All parts of the plant are toxic to humans if consumed but the berries provide a food source for birds. This evergreen plant has religious significance to Christians, to whom it represents Christ, and to Druids, who believe it protects against evil spirits. The timber is prized for its white colour but is hard to prepare and work. The young foliage was once collected and dried in summer to feed animals through the winter.
Culture for Holly
Holly is often found as a shrub or in hedges but can form a small tree in open conditions. Requires full sun or partial shade and well drained soil. Tolerates chalk soils. Plants are separately male and female; males produce flowers but no fruit.
Concerns about Holly
Holly leaf blight is a species of Phytophthora. This pathogen lives in the soil, attacking roots first and then moving into the main stem, causing dieback. Black blotches form on the leaves and smaller stems. In hedges a characteristic arc of yellowing which then dies back is often visible. Phytophthora attacks are often associated with waterlogging as this stresses the plant, making it susceptible and helps the pathogen move to roots. Common insect pests are: aphids, scale, and holly leaf miner.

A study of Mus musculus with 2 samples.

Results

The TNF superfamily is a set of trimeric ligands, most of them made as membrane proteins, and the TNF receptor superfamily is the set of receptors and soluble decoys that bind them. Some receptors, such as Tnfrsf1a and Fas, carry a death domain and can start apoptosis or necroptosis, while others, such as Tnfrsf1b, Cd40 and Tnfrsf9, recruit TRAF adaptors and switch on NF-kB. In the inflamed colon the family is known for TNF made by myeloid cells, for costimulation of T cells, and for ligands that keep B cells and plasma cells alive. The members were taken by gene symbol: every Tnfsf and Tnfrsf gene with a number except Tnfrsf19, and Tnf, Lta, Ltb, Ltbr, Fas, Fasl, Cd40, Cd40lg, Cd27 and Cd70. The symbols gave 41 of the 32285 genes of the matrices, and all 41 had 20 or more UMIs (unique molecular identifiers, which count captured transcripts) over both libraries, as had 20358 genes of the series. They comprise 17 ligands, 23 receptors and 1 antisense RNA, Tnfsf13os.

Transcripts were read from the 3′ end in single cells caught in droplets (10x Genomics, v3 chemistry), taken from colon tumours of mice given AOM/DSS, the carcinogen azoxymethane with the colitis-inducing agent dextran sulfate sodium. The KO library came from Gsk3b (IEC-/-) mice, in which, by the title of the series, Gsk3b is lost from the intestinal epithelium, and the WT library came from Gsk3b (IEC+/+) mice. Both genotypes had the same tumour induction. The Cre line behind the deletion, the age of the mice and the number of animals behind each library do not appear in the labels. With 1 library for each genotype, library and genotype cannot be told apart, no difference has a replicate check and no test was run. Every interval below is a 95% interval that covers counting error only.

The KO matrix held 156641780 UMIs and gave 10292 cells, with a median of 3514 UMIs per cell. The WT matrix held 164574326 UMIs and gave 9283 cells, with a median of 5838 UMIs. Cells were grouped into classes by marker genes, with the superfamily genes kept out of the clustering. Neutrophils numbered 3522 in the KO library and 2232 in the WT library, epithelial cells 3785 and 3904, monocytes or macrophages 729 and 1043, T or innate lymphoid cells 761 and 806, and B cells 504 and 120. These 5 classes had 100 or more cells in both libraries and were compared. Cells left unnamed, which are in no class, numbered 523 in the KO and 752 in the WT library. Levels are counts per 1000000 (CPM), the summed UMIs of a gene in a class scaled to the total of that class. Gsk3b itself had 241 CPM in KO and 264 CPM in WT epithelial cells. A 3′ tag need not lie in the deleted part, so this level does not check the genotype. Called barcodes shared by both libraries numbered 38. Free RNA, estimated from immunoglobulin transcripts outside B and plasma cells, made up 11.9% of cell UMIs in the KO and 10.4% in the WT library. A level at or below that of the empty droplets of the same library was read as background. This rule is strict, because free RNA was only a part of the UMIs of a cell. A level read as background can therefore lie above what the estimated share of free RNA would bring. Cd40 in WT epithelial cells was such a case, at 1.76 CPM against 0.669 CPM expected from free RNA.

Management Practices for Holly
Treat Phytophthora using 'Subdue' and applications of potassium phosphite. 'Serenade' is a biological control based on the soil bacterium Bacillus subtilis, which can be combined with phosphite as a soil drench and alternated with 'Subdue'. Check for aphids (curling leaves and honeydew), scale (adult scales and honeydew), holly leaf miner (yellowish blotch like galleries on the upper surface of the leaves). In any case of pest/disease, check for sources of abiotic stress that can be mitigated. A treatment plan of 3 4 appropriate sprays at regular intervals throughout the active growing season should be used.